U.S. District Court Judge Rosemary M. Collyer ruled this week the Obama Administration has been improperly funding a key subsidy program of the Affordable Care Act. While the ruling is widely considered a huge victory for the House GOP, the program will be allowed to continue pending appeal.
After the ruling, small business owners connected to the Main Street Alliance spoke out against the House Republicans’ latest assault on the ACA.
“Today’s District Court ruling marks the latest politically motivated attack on Obamacare and, if it stands, could increase costs for millions of Americans living at or near the poverty line. My customers and my community members can’t afford to have their access to affordable healthcare limited. Increasing their costs and limiting their resources won’t help my bottom line, either,” said Jim Houser, owner of Hawthorne Auto Clinic in Portland.
“Taking aim at the cost-sharing subsidies that help low-income Americans manage out-of-pocket healthcare expenses is little more than political posturing at the expense of hardworking men and women and the ruling must move swiftly to the D.C. Court of Appeals where it should ultimately be overturned,” added David Borris, owner of Hel’s Kitchen Catering in Chicago.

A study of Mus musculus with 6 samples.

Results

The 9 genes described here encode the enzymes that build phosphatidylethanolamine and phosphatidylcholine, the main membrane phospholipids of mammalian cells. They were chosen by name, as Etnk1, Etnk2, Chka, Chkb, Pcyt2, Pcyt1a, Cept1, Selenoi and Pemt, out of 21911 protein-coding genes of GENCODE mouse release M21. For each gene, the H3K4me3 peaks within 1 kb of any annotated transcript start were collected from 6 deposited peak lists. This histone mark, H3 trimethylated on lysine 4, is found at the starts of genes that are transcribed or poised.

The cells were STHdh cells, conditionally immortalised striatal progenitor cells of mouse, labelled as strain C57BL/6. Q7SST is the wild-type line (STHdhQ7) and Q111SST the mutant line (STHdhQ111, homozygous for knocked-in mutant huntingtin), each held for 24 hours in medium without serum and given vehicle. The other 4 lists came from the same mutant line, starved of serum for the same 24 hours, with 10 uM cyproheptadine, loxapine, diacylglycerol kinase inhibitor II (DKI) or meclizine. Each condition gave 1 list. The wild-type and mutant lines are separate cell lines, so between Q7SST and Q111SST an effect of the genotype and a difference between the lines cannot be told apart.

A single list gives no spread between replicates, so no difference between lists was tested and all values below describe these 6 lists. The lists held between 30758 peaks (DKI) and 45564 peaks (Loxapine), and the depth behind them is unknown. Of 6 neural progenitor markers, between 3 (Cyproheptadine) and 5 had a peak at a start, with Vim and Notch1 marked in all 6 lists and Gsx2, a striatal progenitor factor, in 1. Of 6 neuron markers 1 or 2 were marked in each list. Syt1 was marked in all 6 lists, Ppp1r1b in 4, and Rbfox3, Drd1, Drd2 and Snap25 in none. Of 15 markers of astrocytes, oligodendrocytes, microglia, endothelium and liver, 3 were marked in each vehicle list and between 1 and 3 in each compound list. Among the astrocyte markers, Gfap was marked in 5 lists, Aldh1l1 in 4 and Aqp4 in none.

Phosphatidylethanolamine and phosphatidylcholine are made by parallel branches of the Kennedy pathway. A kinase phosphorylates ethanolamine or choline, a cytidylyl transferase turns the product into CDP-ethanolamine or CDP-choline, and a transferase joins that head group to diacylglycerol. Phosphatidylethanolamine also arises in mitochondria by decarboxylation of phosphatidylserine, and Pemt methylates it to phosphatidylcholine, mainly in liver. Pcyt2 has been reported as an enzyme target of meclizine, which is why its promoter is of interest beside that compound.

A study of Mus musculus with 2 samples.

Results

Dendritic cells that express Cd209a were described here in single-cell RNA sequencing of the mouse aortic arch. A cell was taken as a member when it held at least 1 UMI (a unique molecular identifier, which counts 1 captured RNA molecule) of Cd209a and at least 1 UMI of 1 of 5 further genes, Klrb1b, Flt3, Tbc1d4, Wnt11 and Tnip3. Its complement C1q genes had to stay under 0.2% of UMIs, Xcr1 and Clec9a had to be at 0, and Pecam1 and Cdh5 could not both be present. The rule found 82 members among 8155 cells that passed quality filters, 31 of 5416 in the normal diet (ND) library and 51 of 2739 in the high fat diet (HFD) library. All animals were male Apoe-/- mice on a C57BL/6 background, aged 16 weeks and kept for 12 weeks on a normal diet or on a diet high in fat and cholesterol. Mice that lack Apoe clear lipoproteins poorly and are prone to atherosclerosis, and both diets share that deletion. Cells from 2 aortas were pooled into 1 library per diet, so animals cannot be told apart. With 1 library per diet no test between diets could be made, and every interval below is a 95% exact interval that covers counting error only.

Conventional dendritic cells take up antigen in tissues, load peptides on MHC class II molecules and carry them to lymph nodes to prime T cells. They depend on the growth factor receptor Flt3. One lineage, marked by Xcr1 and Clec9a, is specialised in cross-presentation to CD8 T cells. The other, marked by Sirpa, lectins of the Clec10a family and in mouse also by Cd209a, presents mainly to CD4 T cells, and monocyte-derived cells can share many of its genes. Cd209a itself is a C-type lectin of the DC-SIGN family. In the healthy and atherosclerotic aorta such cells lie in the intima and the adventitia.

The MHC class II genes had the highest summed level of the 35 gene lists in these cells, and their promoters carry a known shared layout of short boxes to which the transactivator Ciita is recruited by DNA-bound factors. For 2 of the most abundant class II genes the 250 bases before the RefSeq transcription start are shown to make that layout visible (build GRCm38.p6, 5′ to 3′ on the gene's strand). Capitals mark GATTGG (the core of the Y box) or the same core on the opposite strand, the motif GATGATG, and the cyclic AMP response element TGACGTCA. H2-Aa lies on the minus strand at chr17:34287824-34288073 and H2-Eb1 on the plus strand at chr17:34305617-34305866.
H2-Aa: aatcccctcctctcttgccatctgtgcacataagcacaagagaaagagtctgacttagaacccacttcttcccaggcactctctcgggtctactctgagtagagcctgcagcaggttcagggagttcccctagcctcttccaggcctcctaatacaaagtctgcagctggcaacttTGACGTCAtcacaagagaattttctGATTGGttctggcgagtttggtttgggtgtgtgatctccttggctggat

Houser and Borris are members of the Main Street Alliance Executive Committee.
The 2008 Affordable Care Act aimed to expand access to affordable healthcare to millions of uninsured and underinsured Americans by, among other measures, creating two subsidy programs for individuals who enroll in the health insurance marketplace.
The premium tax credit that helps subsidize the cost of insurance premiums to anyone earning between 100% and 400% of the poverty level and the cost-sharing reduction, which helps pay for deductibles, co-payments, and other out-of-pocket charges, and are only for individuals earning between 100% and 250% of the poverty level. The latter of the two, the cost-sharing reduction, was dealt a blow today when Judge Collyer ruled it was improperly funded. Unlike the premium tax credit, these subsidies are paid directly to the insurance company or medical vendor. As of mid-2015, there were 5.6 million enrollees covered by plans that included cost-sharing subsidies.
The lawsuit, filed last year by House Republicans challenged the cost-sharing subsidy and argued that the subsidies cannot be paid directly to insurers because Congress did not appropriate the money for these payments. Judge Collyer agreed and ruled that the Obama Administration had indeed been improperly funding the subsidy program. She wrote that Congress authorized the program but never provided money for it.
The case will now head to the U.S. Court of Appeals. If allowed to stand, the ruling could potentially be a setback for millions of low-income Americans and make insurance costs higher. If the cost-sharing subsidies are eliminated, insurers could increase premiums up to 20 to 30 percent to make up for the loss. This could mean higher premium tax credits and a higher cost to the federal government.